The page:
Cadwell is proud to donate a Cascade PRO IONM system to World Pediatric Program for use during pediatric scoliosis surgery at Ruth Paz Hospital in San Pedro Sula, Honduras.
World Pediatric Project (WPP) provides diagnostic and surgical care to children around the world in communities lacking advanced medical facilities and providers. In a typical year, more than 2,000 children benefit directly from WPP missions, and the most critical patients are brought to the USA for advanced medical care.
“WPP partnered with Ruth Paz Hospital in San Pedro Sula, Honduras, to provide the only surgical program in the entire country for children with spinal deformity,” explained Alicia Manteiga, the St. Louis-based International Teams Director for WPP. “All of this is possible because Dr. Tomas Minueza – the only pediatric spinal surgeon in Honduras – participates in the brigades, identifies patients, and provides follow-up care as needed.”
Developed by Dr. Jim Sanders of UNC Chapel Hill, this program has involved Dr. Liz Hubbard of Duke; Dr. Tony Scaduto and Dr. Rachel Thompson of UCLA; Dr. Howard Place, Dr. Aki Puryear, and Dr. Pooria Salari of St. Louis University Hospital and Cardinal Glennon Children’s Hospital. The surgical teams complete three trips in a typical year.
“The lack of locally available neuromonitoring has been a barrier to providing both complex spine and complex neurosurgery,” said Manteiga. “To meet this need, WPP volunteer Lauren Feltz suggested asking Cadwell Industries for the donation of old IONM equipment or disposables.” Manteiga had never heard of Cadwell, but Feltz has used Cadwell equipment for years in her IONM consultancy company IntraOp Solutions, LLC.
The power of persuasion
In 2019, Feltz met Jonathan Green BA R.EPT. CNIM in an operating room. Green joined Cadwell as an Installer and Application Specialist shortly thereafter, and when Feltz looked for connections at Cadwell, she found Green.
“Her request was pretty moving,” Green said. “She mentioned wanting to take a team to Honduras for scoliosis care. For most kids, that’s a death sentence.” Green is no stranger to medical mission work, particularly in Honduras. Among his many talents, Green is a pastor and a former liaison for Hearts for Honduras, a construction and medical missionary program. Green took the request to colleagues at Cadwell.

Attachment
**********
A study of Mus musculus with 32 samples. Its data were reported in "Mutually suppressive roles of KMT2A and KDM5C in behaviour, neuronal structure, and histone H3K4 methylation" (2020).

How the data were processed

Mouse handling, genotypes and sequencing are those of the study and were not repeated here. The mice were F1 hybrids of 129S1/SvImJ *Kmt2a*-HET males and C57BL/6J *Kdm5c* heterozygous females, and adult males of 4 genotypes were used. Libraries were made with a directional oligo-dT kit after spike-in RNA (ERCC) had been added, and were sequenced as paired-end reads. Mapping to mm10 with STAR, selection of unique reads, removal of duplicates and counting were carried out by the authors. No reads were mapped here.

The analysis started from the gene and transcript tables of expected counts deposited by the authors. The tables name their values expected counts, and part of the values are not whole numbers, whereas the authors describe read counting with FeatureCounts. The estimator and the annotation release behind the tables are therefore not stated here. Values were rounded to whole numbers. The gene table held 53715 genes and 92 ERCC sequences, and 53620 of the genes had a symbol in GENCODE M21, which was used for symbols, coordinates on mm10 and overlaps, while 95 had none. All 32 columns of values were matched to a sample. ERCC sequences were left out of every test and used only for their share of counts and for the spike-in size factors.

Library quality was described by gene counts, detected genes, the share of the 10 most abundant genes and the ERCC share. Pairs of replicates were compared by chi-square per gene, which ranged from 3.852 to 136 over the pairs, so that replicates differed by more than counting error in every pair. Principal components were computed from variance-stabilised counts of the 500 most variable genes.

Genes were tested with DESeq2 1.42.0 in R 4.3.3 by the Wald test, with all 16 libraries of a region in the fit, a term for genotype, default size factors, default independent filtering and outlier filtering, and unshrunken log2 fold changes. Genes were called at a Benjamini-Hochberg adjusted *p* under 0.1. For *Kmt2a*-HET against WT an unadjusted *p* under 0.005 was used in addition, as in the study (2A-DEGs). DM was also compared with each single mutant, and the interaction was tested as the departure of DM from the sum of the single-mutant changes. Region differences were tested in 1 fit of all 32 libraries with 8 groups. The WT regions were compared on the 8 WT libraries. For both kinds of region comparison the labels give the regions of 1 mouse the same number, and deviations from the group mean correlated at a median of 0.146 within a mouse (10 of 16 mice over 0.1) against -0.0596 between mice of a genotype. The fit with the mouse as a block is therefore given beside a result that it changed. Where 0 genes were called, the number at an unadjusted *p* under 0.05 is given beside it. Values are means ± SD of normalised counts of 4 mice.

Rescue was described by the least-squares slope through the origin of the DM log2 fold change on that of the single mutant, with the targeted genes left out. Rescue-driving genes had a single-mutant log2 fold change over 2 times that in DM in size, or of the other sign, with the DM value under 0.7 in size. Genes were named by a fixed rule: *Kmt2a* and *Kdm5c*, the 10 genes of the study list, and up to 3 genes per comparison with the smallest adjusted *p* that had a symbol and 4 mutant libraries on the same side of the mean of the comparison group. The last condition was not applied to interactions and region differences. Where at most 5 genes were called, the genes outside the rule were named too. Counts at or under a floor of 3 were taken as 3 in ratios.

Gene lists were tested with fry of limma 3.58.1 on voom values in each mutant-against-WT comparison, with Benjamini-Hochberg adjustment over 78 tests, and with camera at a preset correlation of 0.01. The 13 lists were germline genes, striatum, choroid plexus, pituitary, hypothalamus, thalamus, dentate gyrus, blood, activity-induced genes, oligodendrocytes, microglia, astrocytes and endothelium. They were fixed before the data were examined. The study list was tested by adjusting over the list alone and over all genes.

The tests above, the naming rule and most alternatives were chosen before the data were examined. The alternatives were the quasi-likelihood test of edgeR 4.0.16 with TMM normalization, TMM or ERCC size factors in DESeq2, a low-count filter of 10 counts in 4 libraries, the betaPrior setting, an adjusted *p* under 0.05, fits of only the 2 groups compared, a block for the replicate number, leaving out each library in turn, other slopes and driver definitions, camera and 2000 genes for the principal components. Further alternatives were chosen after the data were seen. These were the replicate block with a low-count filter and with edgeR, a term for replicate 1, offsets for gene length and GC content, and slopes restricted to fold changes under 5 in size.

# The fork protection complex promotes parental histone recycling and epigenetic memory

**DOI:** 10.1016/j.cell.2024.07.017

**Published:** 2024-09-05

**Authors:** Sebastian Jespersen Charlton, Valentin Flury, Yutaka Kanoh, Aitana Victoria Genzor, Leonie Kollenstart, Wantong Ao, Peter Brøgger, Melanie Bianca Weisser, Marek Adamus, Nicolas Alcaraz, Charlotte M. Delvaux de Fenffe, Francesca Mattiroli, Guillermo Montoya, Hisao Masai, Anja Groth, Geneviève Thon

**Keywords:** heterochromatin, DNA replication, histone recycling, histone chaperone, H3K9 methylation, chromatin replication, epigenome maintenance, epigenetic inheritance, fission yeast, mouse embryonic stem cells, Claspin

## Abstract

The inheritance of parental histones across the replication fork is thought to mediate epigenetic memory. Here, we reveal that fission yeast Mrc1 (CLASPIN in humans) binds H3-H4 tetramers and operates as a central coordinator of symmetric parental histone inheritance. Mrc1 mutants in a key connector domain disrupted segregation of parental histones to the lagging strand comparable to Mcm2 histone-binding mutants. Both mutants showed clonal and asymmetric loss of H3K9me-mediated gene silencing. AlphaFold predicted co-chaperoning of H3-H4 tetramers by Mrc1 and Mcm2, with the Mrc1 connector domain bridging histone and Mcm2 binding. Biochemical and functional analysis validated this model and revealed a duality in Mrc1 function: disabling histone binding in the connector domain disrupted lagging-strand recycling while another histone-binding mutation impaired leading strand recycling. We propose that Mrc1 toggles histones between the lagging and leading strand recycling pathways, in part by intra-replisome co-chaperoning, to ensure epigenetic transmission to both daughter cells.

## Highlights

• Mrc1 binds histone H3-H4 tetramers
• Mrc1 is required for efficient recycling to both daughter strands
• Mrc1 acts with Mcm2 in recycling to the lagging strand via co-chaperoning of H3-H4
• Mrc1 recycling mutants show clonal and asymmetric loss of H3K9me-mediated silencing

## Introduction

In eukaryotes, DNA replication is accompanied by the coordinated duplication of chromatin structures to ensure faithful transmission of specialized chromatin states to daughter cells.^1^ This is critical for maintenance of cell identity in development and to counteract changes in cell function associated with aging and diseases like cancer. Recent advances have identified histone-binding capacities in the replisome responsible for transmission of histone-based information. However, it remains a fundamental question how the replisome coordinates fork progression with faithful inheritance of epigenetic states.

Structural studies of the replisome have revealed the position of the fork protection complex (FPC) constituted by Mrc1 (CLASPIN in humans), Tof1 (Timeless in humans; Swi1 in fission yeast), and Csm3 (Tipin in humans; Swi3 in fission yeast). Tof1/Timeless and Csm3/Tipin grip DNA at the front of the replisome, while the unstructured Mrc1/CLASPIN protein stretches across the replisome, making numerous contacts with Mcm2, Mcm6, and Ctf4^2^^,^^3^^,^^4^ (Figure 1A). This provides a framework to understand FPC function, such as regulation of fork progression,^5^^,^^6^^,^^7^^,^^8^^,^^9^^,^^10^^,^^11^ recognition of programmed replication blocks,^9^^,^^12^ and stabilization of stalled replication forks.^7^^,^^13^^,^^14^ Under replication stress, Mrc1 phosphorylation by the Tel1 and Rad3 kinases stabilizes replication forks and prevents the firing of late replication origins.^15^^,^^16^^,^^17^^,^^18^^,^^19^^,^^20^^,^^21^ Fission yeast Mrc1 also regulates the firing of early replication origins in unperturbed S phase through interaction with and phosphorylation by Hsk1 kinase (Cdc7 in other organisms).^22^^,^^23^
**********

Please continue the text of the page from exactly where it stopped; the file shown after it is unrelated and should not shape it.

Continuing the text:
Feltz didn’t stop there. She also reached out to her local Cadwell Sales Rep, Bill DeMedio, and pitched her ask again. He also brought the story to his colleagues. The ask was for used IONM equipment, and if not, then disposables that could be used during surgeries.
Cadwell said “no”
Both medical mission work and education are core values to Cadwell’s mission of “helping you help others.” The Cadwell team said “no” to the request for an old IONM system. Instead, Cadwell donated a brand-new Cascade PRO IONM system and disposables to WPP for pediatric spinal deformity surgeries at Ruth Paz Hospital.
“A donation of this magnitude from an equipment provider is unprecedented for WPP,” said Manteiga.
“The speed at which Cadwell answered the call was amazing,” Green said. “Once they knew the need, the need was filled. I’m very grateful that I work for an organization as giving as Cadwell. It’s a blessing to give people in Honduras the chance to have the same level of healthcare as we do here.”
“It takes a lot of dedication from clinicians to provide this level of care through an organization like WPP,” said DeMedio. “I am glad that we were able to get equipment into the hands of people that can help these children through their surgical procedures.”
Feltz is excited to help train the Honduran physicians with Trusted Neuro through a virtual program. “It’s always fun to get back into education and training, especially in countries that need it,” Feltz said. “We are training them to help with their own patients.”
Even in a year when closed borders resulted in cancelled missions, WPP has continued to serve the children it cares for by acquiring equipment donations, facilitating virtual diagnostic consultations, providing virtual training for the indigenous physicians, nurses, and healthcare workers, and forecasting for teams when borders reopen and it is safe to travel.
“We aim to travel with a medical mission once per year through our company, but since travel has been difficult during the pandemic, we aim to help these amazing foundations any way we can,” Feltz said. “Helping Ruth Paz Hospital create a permanent neuromonitoring team helps create a safer surgical environment for the entire country of Honduras, and we are excited to be able to collaborate with the WPP to assist with this mission.”
We will follow WPP’s scoliosis missions in Honduras, and look forward to sharing their story with you.
To learn more about WPP, visit worldpediatricproject.org
Photos of previous WPP medical missions in Honduras are courtesy of World Pediatric Program and are published with consent of patients and providers.